Mitch McConnell said this week that he would confirm a nominee to a Supreme Court vacancy if it came up this year, apparently breaking the rule he set for former President Barack Obama when there was a vacant seat in early 2016.
At the time, McConnell said that he would not hold confirmation hearings for any nominee Obama put forward, saying there was a presidential election later that year and that voters should decide who would fill the seat as the next president. This followed the February 2016 death of Justice Antonin Scalia. Obama nominated Washington, D.C., circuit judge Merrick Garland, but McConnell never allowed hearings to start.
McConnell appears to have reversed that stance now in the final year of Donald Trump’s first term in office. In an interview with Fox News, McConnell said that he would allow Trump to fill an open seat.
“If you’re asking me a hypothetical… we would fill it,” McConnell said.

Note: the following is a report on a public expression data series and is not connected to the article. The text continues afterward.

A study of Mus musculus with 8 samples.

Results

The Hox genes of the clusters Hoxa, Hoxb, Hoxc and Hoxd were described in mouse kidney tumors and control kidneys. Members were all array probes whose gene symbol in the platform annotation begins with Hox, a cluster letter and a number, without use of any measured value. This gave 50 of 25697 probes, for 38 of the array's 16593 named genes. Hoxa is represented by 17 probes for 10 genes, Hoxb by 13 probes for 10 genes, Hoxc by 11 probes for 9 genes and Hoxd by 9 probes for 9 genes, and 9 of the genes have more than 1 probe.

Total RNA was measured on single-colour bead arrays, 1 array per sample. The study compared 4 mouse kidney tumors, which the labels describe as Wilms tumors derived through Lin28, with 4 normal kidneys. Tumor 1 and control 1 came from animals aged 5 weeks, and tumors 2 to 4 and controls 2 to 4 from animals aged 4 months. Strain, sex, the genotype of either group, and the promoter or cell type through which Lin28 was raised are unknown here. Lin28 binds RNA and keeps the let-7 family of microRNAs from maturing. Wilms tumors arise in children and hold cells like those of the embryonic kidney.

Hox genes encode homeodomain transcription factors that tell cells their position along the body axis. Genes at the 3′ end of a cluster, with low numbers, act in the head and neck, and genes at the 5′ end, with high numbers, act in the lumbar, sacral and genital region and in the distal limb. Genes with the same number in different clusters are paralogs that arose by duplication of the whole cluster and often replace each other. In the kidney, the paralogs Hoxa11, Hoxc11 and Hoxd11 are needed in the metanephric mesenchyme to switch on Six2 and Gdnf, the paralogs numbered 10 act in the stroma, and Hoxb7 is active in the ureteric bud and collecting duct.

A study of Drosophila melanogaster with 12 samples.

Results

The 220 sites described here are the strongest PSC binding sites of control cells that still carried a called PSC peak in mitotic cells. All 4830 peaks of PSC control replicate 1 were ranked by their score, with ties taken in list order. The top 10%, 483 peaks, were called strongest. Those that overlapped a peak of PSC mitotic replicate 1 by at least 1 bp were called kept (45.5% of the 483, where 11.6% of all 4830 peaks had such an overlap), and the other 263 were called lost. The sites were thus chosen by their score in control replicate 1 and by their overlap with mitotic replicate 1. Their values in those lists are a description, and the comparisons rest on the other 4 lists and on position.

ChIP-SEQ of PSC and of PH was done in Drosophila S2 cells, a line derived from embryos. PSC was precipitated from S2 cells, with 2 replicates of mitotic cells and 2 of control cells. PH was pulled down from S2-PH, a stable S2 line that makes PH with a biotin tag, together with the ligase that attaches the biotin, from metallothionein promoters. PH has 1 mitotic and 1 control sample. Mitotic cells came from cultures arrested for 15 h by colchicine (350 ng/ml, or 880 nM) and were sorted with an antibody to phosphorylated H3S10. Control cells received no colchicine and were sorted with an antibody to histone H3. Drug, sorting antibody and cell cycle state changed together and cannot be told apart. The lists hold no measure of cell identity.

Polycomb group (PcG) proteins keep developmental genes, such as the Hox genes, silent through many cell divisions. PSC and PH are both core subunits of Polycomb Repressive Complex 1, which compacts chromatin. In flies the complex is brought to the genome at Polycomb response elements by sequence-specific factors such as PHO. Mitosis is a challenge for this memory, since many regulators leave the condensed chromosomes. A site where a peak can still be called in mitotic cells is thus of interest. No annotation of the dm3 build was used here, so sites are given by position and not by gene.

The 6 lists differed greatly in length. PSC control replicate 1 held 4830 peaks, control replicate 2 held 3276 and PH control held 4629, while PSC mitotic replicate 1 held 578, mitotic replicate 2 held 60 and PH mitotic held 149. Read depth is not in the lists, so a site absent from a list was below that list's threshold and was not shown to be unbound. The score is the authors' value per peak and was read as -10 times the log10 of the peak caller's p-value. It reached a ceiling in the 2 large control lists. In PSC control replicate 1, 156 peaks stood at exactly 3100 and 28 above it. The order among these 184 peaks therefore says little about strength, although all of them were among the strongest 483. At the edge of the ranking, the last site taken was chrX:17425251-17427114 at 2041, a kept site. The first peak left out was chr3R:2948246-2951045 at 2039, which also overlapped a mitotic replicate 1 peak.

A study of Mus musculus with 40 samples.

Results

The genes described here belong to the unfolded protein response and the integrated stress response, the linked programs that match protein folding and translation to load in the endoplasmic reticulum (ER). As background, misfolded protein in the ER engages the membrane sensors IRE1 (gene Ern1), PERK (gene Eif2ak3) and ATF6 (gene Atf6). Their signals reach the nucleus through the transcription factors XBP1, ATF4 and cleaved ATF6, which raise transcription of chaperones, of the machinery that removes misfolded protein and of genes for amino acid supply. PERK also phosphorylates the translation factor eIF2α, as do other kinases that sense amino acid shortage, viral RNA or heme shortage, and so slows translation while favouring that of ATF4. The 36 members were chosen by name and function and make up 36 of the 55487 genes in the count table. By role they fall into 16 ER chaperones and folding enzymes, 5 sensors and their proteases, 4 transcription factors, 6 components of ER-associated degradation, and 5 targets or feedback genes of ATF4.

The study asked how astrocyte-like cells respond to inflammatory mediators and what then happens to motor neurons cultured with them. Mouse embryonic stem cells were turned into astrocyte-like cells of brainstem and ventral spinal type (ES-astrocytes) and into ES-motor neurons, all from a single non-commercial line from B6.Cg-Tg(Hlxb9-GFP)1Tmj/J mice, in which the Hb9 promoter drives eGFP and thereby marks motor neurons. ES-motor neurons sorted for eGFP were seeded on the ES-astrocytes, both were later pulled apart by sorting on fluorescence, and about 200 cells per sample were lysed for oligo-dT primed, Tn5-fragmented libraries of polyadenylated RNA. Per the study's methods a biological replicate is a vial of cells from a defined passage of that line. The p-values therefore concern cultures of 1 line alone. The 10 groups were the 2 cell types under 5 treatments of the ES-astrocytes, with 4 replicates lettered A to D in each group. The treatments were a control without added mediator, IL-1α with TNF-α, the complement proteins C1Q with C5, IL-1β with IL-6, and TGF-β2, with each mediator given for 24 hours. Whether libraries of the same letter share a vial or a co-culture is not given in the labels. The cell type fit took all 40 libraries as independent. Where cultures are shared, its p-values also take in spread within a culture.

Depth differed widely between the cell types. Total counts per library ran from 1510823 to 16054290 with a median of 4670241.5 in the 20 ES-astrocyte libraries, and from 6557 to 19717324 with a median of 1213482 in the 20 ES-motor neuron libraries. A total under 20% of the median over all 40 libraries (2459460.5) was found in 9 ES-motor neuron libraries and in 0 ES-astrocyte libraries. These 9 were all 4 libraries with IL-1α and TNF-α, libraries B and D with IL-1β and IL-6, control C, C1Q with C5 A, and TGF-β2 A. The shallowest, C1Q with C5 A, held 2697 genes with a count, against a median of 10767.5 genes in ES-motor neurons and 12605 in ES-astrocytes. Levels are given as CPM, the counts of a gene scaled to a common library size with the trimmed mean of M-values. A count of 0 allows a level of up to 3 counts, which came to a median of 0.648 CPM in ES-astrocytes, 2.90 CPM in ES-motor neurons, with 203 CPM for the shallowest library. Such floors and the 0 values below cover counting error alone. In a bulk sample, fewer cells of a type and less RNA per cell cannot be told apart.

The Kentucky Republican claimed that in 2016, he was only arguing that a vacancy should not be filled in an election year if the opposing party had control of the U.S. Senate.
“Let me remind you what I said in 2016. I said you’d have to go back to the 1880s to find the last time a vacancy on the Supreme Court occurring during a presidential election year was confirmed by a Senate of a different party than the President. That was the situation in 2016. That would not be the situation in 2020,” McConnell said.
But at the time the vacancy came up during Obama’s presidency, McConnell leaned strongly on the argument that it was up to the voters to decide, not that the party in power in the Senate needed to match the party holding the White House. The move was widely criticized by Democrats, who noted that McConnell made it his mission to block Obama from achieving any of his agenda.
As Salon noted, this is not the first time McConnell has admitted that he would go back on his rule for Obama in order to fill a vacancy for Trump in an election year. Last May, he told a local Kentucky Chamber of Commerce that filling a vacancy would be too important to pass up.
As the report added, McConnell’s change of course drew pushback from Democrats, including Senate Minority Leader Chuck Schumer who claimed that McConnell needs to fill court vacancies because “he knows the GOP agenda is so radical & unpopular they can only achieve it in courts.”